They'll Make Yarn From Anything!

Apr 1, 2013

It seems like they are making yarn out of just about anything these days. When I learned to crochet in a small town, I only had access to a few yarn fiber types. There was the thrifty and accessible acrylic, cool crisp cotton, and lovely warm wool.

Now, I am fascinated by the wide variety of yarns and fibers that are being developed. Did you know that they are genetically engineering goats that produce spider silk proteins in their milk? We are a long way from turning that silk into a readily available skein of yarn, although I have seen yarn derived from milk, but there are still some pretty amazing yarns out there!



Soy yarn is created by spinning fibers derived from soybeans. Soy can be blended with cotton, wool, or acrylic, and creates a yarn that is incredibly soft has a beautiful sheen, much like silk. Soy yarn has a very higher breaking point than wool or cotton, and it has antibacterial qualities.



Corn yarn looks very similar to cotton. It also has many of the same qualities, including wicking ability, breathability, and fire resistance. Corn yarn is created by fermenting the simple sugar in the plant. The finished fabric has fabulous drape and easy care instructions.



Yes, that's right, everything is better with bacon! The protein byproducts from this breakfast favorite make a strong and smooth yarn, and imagine the fun of watching your friend's faces when you tell them your hat is made out of bacon.



Can you believe you can make yarn out of banana? So this textured and silky yarn is not spun from the sweet white fruit we enjoy with our morning cereal but from the renewable banana stalk. I have yet to crochet with this unique yarn, but I hear it is a great crochet accessory yarn.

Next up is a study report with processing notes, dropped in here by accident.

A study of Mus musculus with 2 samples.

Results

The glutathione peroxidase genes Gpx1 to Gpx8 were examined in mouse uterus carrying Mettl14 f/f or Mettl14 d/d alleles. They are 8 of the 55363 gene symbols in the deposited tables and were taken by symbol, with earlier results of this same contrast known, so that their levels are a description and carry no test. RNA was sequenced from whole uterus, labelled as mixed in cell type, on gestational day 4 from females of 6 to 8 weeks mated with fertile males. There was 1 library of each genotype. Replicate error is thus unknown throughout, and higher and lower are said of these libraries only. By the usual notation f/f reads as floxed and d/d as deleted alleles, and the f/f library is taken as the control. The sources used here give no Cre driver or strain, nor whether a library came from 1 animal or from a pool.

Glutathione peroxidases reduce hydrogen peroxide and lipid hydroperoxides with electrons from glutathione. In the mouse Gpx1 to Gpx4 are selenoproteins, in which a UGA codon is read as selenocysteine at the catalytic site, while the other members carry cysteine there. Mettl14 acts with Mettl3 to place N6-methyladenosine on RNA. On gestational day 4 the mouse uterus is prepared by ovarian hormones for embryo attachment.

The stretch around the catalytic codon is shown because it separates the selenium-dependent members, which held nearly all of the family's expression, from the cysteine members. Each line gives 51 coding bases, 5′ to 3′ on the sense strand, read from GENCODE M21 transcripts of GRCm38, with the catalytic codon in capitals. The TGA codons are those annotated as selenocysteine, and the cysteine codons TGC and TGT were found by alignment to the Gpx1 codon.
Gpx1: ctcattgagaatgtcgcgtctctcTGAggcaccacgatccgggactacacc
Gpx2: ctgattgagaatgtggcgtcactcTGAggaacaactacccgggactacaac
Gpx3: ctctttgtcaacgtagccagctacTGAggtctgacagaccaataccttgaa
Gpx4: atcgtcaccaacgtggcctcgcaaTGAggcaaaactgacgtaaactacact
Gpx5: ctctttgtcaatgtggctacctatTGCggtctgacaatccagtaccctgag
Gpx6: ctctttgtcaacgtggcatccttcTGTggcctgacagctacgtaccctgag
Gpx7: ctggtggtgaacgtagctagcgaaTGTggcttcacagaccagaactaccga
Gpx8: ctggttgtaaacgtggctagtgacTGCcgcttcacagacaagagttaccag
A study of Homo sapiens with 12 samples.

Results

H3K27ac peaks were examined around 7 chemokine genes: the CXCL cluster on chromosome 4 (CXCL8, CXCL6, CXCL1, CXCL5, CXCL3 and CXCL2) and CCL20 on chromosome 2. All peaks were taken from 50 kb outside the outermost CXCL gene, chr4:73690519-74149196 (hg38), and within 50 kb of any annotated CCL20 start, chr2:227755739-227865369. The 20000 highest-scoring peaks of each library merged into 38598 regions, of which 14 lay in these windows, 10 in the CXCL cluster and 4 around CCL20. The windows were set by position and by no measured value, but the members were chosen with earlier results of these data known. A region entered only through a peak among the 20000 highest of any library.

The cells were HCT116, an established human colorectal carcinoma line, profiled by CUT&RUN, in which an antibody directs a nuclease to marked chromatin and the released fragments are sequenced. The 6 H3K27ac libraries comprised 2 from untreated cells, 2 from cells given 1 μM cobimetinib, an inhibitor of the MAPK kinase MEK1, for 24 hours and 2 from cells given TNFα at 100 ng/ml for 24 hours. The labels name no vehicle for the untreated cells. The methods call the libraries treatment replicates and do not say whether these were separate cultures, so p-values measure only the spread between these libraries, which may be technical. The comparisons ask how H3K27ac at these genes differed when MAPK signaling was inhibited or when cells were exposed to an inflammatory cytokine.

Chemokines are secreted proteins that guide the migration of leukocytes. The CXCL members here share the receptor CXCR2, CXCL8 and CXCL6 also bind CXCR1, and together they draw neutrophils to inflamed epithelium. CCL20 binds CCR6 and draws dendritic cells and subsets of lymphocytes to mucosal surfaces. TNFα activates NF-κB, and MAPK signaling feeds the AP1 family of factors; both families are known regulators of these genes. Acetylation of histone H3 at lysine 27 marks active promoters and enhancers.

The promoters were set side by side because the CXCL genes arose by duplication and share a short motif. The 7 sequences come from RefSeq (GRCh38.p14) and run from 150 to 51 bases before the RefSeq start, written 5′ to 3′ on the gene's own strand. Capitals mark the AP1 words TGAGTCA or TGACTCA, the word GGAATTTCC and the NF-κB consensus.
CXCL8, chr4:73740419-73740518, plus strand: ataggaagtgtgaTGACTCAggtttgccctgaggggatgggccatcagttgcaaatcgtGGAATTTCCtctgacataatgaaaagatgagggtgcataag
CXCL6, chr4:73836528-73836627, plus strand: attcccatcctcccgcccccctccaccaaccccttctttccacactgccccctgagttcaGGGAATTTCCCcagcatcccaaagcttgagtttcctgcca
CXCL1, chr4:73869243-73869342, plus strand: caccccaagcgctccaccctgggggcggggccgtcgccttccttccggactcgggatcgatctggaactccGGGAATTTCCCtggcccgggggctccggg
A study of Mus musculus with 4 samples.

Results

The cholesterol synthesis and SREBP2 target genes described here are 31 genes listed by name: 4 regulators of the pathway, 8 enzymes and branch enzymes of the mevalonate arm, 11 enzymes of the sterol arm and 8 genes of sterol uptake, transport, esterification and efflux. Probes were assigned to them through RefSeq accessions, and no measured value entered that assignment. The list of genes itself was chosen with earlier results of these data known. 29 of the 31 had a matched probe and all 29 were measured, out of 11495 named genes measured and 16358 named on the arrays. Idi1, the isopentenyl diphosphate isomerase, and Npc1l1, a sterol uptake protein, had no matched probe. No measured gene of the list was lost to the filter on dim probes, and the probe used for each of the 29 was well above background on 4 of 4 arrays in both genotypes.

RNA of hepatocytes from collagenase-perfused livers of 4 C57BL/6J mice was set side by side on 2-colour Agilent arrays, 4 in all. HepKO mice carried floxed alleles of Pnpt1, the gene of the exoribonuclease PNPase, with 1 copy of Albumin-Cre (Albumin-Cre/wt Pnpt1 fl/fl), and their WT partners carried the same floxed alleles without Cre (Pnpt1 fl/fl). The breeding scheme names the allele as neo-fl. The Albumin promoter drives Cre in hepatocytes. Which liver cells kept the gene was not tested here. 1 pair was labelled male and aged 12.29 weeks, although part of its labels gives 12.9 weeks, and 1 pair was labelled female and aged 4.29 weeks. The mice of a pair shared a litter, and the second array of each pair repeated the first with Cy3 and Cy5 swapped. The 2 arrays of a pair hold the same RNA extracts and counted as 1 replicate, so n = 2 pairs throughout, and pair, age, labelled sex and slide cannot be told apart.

It's a delicate job shearing tiny garden caterpillars, but when the yarn is this luscious, it is worth the extra effort. This fuzzy yarn is so much fun to crochet with and creates a delicious fluffy project. I love using caterpillar for hats and cowls.


Happy April Fool's Day! Some of the above yarns are real and some are purely imagination. Soy, corn, and banana are real yarns, but bacon and caterpillar are figments of my imagination. I started to write about an imaginary spun sugar yarn only to discover they really make a one hundred percent sugar yarn.

A special thank you to Cascade Yarns 220 Superwash Sport for standing in for bacon yarn and Blue Sky alpacas Brushed Suri for playing caterpillar yarn. The other yarns in order are Bernat Soy, Kollage Yarns Corntastic, and Frabjous Fibers Banana Silk Yarn.

Now it's your turn. If you could make yarn out of anything, what would you choose?

Best wishes,

on Apr 11, 2013 1:19 PM

What would I make yarn out of?  How about wheat?  Or bulrushes?  Or milkweed fluff?

Are you sure Bernat is still making soy yarn?  When the stores around here stopped carrying it, I wrote to Bernat to ask about it, since the factory is in a town not far from where I live.  I got a rather surly reply from the customer service department informing me that if people weren't going to buy it, what was the point of them making it.  I had only just found out about it and hadn't even tried it yet when I found out they already weren't making it any more.  I don't think they gave it enough of a chance.  I really liked the look and feel of it, and thought it was a great environmentally friendly idea.  I've made two sweaters with their Cot'n Corn, and love the softness of it.

Toni Rexroat wrote
on Apr 11, 2013 3:06 PM

ilehlia, I think my mom spun milkweed fluff once, so that might be possible. As to the Bernat soy yarn, it is a skein I have had for quite some time. It was just an example of a soy yarn that I happened to have on hand. I'm sorry to hear it doesn't sound like they are making it any more.